Predicting Suicide Attempts in Women with Eating Disorders

Reprinted from Eating Disorders Review
September/October 2004 Volume 15, Number 5
©2004 Gürze Books

Rates of suicide attempts among people with eating disorders range from 13% to 31% (Acta Psychiatrica Scand 1999; 106:381). Among patients with anorexia nervosa, recent studies have pinpointed some warning signs, such as being older, having a longer duration of illness, weighing less, and having substance abuse problems. Among patients with bulimia nervosa, warning signs include having more co-morbid psychiatric symptoms and reporting a history of sexual abuse.

Dr. Debra Franko and colleagues at Massachusetts General Hospital, Northeastern General Hospital, and Harvard University conducted a prospective longitudinal study of women with either DSM-IV anorexia nervosa (136) or bulimia nervosa (110). The women were interviewed and assessed for suicidal attempts and suicidal intent every 6 to 12 months for nearly 9 years (Psychological Medicine 2004;34:843).

After the women were screened by telephone, a trained research assistant interviewed them, and follow-up interviews using the LIFE-EAT were conducted every 6 to 12 months. Suicidal behavior was assessed by asking all subjects to report the number of suicidal gestures or attempts made since the previous interview; if either gesture or attempt was reported, suicidal intent was characterized on a 1-6 rating scale (1 indicating no intent to die, and 6 was extreme intent with careful planning and expectation of death). Psychosocial functioning was assessed during the LIFE-EAT interviews with a series of questions that probed relationships, employment, household duties, recreation and overall social adjustment.

Before entering the study, 30% of anorexic subjects and 23% of bulimic subjects reported a history of suicidal attempts (this difference was not significant). Rates of suicide attempts differed across diagnostic groups, although in a very different direction from the original hypothesis because more patients with anorexia nervosa than patients with bulimia nervosa made suicide attempts.

Anorexia nervosa patients

Before the study began, the authors had hypothesized that more suicide attempts would be reported among patients with bulimia nervosa; however, more patients with anorexia nervosa than bulimia nervosa attempted suicide (30/106, or 22.1%, of anorexia nervosa subjects and 12/110, or 10.9%, of bulimia nervosa subjects). The authors questioned whether there had been a crossover from restricting type anorexia nervosa to binge-purge type anorexia nervosa (62% of all the patients with anorexia nervosa engaged in regular binge eating at least once a week for 8 consecutive weeks).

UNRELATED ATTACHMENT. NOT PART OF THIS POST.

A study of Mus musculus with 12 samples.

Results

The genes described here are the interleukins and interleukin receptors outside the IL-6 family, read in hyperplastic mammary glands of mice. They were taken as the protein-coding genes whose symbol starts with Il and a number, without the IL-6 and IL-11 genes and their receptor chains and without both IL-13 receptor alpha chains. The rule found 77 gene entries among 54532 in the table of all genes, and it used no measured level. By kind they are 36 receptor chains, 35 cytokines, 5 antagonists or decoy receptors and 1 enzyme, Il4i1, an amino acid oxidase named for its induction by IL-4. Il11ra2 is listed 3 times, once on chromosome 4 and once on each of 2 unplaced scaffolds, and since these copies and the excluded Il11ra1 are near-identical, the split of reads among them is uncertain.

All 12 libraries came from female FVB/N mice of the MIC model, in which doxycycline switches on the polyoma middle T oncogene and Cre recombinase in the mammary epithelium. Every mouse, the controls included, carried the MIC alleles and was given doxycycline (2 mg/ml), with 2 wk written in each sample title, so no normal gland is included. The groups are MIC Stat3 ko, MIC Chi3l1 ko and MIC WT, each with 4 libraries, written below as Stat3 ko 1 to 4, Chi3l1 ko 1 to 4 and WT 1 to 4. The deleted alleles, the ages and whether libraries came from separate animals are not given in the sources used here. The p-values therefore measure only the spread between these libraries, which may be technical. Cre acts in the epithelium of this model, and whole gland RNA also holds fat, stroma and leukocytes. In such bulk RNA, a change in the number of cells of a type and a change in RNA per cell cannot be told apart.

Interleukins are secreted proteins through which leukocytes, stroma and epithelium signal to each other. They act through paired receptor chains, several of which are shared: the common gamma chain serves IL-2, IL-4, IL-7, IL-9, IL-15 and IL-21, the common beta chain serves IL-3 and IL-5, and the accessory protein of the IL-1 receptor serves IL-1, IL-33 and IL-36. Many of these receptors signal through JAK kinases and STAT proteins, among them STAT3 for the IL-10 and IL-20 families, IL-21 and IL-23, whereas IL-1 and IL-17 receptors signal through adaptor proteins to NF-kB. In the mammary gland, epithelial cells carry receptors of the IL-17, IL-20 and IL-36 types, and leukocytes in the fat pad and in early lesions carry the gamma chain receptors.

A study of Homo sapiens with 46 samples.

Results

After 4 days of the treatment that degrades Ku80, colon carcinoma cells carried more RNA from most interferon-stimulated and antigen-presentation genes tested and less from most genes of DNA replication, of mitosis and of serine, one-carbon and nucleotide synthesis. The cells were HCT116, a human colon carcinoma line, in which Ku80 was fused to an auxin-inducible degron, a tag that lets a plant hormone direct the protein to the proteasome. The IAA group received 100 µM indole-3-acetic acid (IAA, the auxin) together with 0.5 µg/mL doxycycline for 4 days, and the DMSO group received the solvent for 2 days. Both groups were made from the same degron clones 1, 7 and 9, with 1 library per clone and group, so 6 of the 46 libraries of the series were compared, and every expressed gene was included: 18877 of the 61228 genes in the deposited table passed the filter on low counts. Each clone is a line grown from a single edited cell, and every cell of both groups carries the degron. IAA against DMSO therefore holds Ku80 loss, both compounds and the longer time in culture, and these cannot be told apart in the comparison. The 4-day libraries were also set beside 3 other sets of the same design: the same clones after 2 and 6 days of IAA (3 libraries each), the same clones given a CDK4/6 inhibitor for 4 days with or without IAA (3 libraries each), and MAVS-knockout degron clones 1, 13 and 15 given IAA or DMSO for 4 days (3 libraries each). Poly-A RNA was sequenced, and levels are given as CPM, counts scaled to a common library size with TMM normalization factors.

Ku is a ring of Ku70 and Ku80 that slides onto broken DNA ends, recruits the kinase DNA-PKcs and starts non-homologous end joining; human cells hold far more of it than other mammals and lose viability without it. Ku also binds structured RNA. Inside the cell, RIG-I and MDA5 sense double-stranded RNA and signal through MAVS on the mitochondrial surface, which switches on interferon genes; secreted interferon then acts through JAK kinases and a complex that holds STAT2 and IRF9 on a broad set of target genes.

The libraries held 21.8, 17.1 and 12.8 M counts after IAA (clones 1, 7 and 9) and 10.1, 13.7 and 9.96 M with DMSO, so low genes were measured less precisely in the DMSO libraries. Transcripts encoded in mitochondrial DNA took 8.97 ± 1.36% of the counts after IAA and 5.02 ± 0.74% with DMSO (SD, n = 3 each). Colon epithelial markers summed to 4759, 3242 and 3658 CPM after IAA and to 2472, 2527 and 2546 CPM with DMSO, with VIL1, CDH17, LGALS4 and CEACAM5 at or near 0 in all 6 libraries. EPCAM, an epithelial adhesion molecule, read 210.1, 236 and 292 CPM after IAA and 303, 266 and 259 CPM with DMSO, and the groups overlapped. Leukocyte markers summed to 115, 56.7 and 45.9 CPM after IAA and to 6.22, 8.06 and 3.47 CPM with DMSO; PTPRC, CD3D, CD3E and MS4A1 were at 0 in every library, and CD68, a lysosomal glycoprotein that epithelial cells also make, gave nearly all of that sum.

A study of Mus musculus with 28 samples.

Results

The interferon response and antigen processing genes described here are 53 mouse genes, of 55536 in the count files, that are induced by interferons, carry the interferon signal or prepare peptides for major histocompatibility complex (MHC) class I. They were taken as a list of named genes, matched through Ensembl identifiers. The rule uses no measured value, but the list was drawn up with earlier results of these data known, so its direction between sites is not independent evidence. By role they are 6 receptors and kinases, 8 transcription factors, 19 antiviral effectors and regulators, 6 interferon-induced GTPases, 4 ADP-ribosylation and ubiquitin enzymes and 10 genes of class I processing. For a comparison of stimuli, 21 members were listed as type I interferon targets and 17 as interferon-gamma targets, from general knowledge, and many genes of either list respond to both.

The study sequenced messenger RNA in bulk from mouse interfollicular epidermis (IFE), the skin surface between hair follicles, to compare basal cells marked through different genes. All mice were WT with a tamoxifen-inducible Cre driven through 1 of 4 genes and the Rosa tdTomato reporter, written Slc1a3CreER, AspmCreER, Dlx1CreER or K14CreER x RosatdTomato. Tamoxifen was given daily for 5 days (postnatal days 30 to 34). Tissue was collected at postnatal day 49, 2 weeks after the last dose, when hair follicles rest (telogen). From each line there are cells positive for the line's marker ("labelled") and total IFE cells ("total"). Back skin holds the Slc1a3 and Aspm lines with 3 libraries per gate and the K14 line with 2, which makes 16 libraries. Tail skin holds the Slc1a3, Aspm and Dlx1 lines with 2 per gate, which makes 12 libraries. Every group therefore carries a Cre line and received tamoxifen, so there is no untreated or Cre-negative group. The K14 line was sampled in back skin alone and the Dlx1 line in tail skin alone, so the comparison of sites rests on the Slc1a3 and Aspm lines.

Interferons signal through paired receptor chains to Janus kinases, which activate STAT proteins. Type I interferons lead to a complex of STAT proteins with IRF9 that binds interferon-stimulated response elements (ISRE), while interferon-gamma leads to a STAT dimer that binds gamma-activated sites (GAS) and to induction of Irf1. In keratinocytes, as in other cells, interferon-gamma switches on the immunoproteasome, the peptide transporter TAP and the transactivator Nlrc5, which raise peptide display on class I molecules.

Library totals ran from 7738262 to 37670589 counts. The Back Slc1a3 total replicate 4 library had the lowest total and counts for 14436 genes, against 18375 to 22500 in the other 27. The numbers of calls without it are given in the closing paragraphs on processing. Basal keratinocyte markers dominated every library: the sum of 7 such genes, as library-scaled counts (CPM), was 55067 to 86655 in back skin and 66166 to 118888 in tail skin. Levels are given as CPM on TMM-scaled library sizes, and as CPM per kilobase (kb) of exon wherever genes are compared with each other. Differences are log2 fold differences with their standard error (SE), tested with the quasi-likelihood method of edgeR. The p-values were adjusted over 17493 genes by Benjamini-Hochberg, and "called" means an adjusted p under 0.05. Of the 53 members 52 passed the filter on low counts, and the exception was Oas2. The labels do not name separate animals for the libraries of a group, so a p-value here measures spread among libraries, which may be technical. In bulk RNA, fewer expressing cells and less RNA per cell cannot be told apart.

Neither individual bulimic symptoms (such as binge eating, vomiting, use of diet pills/laxatives/diuretics) nor the bulimic symptoms measured over the study significantly predicted suicidal behavior in subjects diagnosed with anorexia at intake. Instead, the study results revealed that when anorexia nervosa is combined with significant co-morbidity (such as depression or substance abuse), the risk of suicide attempts escalates, regardless of the presence of bulimic behaviors.

A history of suicide attempts was found to significantly predict time to a future attempt. Eating disorder symptoms were not a significant predictor for patients with anorexia nervosa.

Bulimia nervosa patients

Unlike the anorexic patients, eating disorders symptoms, particularly laxative use, were a significant predictor for bulimic patients. A history of substance abuse disorder prior to the start of the study significantly predicted the time to the first suicide attempt for BN subjects. Those who were more depressed, as measured bevy the Beck Depression Inventory, and who scored higher on all subscales of the SCI-90, were also at greater risk for suicide attempts. Within the bulimic group, the Ineffectiveness, Interpersonal Distrust, Interoceptive Awareness and Maturity Fears subscales were significantly higher in those who attempted suicide as compared to those who did not.

Results from the Eating Disorders Inventory suggested that, particularly in bulimic women, those who saw themselves as lacking in self-efficiency and who had more difficulty identifying internal states and were distrustful of others were more likely to have made a suicide attempt during the study.

The researchers also found that the amount of both individual and group therapy shortened the time to the first suicide attempt, which was consistent with their data that the more psychiatrically ill patients were more likely to attempt suicide. What could explain this counter-intuitive finding? The authors hypothesize that these patients had individual and group treatment in the hospital setting because of a suicide attempt. Or, it was possible that patients whose illness was persistent and severe were in treatment longer than those with a less chronic course of illness.